Air Washington may be the state’s second-most successful 11-man team.
Led by Spokane Community College, a consortium that included 10 other community colleges around the state received more recognition last month from a national center charged with identifying successful workforce training programs, and spreading the word among other two-year schools.
The Office of Community College Research and Leadership based at the University of Illinois celebrated the collaboration among Washington campuses, job-training councils and industry that has helped more than 1,600 participants get jobs; more than 40 percent above the goal of 1,134 set at the start of the four-year program.
By far the bulk of those were taken by students who jumped into starting-level positions before completing the requirements for an associate degree. With aerospace wages being what they are, an early exit to get a paycheck is understandable.
But what the OCCRL focused on was the work Air Washington did to bring all the campuses together to identify what manufacturing sectors they would focus on, develop curricula and sort out which campuses would do what.
Spokane Community College, for example, decided to pursue advanced manufacturing, airframe and powerplant mechanics, composites and electronics/avionics. Other campuses selected among those four and a fifth – aircraft assembly – that wasn’t a fit for Spokane.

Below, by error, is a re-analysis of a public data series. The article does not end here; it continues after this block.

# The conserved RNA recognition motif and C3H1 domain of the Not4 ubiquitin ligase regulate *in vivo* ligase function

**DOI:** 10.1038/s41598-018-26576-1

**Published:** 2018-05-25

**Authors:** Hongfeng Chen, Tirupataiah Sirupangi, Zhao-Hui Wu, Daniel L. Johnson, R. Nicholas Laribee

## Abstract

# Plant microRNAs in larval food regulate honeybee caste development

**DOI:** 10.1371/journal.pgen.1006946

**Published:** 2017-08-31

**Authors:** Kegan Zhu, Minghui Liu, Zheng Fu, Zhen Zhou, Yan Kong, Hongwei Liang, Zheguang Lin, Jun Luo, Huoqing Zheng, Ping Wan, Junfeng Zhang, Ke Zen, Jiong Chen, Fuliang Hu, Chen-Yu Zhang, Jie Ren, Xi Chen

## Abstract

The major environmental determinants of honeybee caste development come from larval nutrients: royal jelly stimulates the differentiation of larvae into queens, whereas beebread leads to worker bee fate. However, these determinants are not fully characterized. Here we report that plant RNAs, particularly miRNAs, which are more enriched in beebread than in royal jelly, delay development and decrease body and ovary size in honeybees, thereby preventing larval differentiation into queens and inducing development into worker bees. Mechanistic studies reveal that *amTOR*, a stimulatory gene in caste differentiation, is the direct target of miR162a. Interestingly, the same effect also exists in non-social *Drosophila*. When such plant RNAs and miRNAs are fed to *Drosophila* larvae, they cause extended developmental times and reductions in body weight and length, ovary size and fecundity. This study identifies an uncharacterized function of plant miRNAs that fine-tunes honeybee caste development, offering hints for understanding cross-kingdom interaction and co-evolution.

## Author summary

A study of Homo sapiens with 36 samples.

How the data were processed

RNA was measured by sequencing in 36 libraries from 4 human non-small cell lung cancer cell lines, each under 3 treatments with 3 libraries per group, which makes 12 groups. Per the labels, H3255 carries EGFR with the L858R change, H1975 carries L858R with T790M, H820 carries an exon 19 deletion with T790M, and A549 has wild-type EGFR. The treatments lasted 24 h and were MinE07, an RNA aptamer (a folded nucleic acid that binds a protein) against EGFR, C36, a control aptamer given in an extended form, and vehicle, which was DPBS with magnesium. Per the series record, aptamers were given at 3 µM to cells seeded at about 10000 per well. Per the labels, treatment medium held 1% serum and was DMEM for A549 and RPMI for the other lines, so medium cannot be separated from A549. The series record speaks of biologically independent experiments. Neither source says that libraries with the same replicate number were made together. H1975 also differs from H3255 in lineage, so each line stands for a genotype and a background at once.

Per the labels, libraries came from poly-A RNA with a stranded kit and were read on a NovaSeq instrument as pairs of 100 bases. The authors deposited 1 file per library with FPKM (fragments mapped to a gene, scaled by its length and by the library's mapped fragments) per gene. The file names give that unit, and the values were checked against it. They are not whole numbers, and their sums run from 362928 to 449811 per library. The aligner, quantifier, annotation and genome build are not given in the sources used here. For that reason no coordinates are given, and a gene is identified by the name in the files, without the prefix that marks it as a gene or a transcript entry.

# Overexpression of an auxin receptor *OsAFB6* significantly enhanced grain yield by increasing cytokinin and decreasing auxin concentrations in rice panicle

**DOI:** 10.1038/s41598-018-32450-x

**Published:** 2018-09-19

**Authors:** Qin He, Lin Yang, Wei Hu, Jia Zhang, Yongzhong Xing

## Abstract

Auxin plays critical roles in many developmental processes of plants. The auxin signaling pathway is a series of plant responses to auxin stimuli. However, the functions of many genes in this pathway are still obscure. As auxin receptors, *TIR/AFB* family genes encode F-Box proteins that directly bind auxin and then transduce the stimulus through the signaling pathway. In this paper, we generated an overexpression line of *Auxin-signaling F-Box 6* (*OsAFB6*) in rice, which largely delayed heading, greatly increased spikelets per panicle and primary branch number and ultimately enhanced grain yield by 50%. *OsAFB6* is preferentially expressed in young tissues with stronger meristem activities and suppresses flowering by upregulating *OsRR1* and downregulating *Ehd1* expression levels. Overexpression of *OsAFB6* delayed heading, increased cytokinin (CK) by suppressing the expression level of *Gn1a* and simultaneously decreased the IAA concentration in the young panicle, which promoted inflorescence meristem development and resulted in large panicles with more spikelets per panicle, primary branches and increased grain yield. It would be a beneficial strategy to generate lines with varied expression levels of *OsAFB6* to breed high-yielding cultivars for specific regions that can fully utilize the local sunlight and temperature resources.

Students get help with funding and career guidance from navigators who are also contact points for employers.
SCC was the conduit for a $20million U.S. Department of Labor grant that was distributed among the other participants for equipment, instructional materials and the like. The last of the grant money was spent last fall.
Grants awarded under the Trade Adjustment Assistance Community College and Career Training program are a rare example of the federal government not reinventing the wheel, or greasing the squeaky wheel, but finding the quiet wheels and trying to install them on more vehicles, or airplanes.
Air Washington’s success is well known within the state, but not so much elsewhere, and the Department of Labor money was intended, in part, to have the message shared with other states as an example of a transformative initiative, a program funded partly by the Bill and Melinda Gates Foundation.
As OCCRL noted, years before the grant was awarded, in the 1990s, Washington had begun with the creation of the Center of Excellence for Aerospace and Advanced Manufacturing, and an Academic Alignment Team Boeing Co. deployed in 2010 to move the effort along.
With the federal money gone, the campuses reset priorities. SCC dropped composites, retained its manufacturing and maintenance programs with state money, and continues avionics with funds from the Community Colleges of Spokane.
As with that other 11-man team, the roster and the roles are always changing.